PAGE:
An increasing number of apartments being built just outside the city of Starkville’s borders makes it likely the city will annex some areas at some point in the future.
But Mayor Parker Wiseman says there’s no definite plan on the table although the city could study annexation sometime in the next two years.
“It’s something we’ll probably have to think about in the next couple of years. There’s a lot of density going up on our borders,” the second-term mayor said. “It just mnakes sense that at some point those areas will be in the city, even if it’s 10 years from now.”
Apartments on Blackjack Road and other areas could house as many as 8,500 people. If those residents were added to the city in a year, Starkville would become the state’s 8th largest city. It’s now 15th, one slot ahead of Columbus.
The city already provides sewer service to many of the areas, eliminating what would be the most expensive service to extend if the city were to annex.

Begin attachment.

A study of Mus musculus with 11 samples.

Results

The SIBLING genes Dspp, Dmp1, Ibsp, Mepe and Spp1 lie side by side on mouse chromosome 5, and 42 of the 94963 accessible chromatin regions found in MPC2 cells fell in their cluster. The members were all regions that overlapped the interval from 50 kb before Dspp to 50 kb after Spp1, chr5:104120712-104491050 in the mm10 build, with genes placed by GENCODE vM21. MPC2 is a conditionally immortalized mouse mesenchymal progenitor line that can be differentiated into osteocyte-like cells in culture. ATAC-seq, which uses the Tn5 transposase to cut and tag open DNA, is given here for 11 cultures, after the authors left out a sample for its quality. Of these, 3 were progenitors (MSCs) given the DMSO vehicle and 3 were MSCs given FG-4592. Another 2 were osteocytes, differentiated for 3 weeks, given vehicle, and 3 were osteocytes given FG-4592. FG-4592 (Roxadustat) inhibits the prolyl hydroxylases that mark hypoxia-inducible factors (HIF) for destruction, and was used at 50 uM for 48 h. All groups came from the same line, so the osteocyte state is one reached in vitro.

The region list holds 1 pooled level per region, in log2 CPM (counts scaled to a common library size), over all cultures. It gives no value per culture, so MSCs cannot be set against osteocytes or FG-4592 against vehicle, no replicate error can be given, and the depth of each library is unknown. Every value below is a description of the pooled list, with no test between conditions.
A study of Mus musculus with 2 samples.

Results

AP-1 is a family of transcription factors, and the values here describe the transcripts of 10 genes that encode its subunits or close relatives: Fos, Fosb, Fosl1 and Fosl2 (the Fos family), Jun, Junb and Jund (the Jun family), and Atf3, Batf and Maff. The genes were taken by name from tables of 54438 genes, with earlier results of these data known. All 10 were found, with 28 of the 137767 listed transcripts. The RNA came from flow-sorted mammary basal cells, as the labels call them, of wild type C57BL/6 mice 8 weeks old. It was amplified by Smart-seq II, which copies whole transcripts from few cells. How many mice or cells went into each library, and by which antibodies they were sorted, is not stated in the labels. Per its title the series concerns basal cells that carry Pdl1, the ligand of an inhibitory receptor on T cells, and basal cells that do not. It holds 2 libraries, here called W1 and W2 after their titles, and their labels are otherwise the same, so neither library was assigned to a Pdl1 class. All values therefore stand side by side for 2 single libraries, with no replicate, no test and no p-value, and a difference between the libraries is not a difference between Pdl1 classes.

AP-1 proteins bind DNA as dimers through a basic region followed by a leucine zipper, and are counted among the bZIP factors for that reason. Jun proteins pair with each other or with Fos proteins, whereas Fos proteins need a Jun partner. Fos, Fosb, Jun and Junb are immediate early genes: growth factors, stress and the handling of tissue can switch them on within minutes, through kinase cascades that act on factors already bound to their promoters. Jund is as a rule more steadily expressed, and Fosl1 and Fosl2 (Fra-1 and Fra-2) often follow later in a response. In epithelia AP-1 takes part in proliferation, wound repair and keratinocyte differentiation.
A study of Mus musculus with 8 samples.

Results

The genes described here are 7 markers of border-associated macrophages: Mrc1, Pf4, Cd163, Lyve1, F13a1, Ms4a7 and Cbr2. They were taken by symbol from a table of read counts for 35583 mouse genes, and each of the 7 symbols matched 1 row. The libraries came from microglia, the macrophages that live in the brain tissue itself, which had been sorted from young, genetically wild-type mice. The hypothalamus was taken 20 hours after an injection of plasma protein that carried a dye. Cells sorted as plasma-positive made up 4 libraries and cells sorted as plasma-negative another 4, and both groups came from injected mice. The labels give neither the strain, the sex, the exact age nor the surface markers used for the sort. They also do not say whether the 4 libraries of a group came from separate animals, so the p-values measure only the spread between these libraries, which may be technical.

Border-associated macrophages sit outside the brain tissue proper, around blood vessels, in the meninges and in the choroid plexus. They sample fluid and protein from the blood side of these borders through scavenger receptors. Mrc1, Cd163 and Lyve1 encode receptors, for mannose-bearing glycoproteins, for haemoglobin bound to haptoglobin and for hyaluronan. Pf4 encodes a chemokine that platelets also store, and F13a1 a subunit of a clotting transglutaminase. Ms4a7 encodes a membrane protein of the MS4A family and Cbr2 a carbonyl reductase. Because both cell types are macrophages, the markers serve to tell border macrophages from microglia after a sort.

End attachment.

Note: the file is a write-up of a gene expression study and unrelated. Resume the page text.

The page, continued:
The highest additional cost would be police and fire service.
Meanwhile Columbus has a September trial date in Lowndes County Chancery Court in its two-year effort to annex some areas around the city.
In early 2012, the city council approved annexing about three square miles mostly along its eastern and northern edges. The annexation came after a year of study but has been discussed for almost a decade.
The expansion would add 44 44 business and about 1,500 people.
A handful of those property owners, including the owners of Columbus Nissan, objected, arguing they’ll pay more taxes and get few benefits.
The city contends the property owners already are getting many city services and benefits and will save significantly on insurance premiums.
After the case went to Court in May 2012, little has happened since then although both sides say they intend to take some depositions before the September trial before Judge Kenneth Burns.
Caledonia also is considering hiring an Oxford firm to study possible annexation.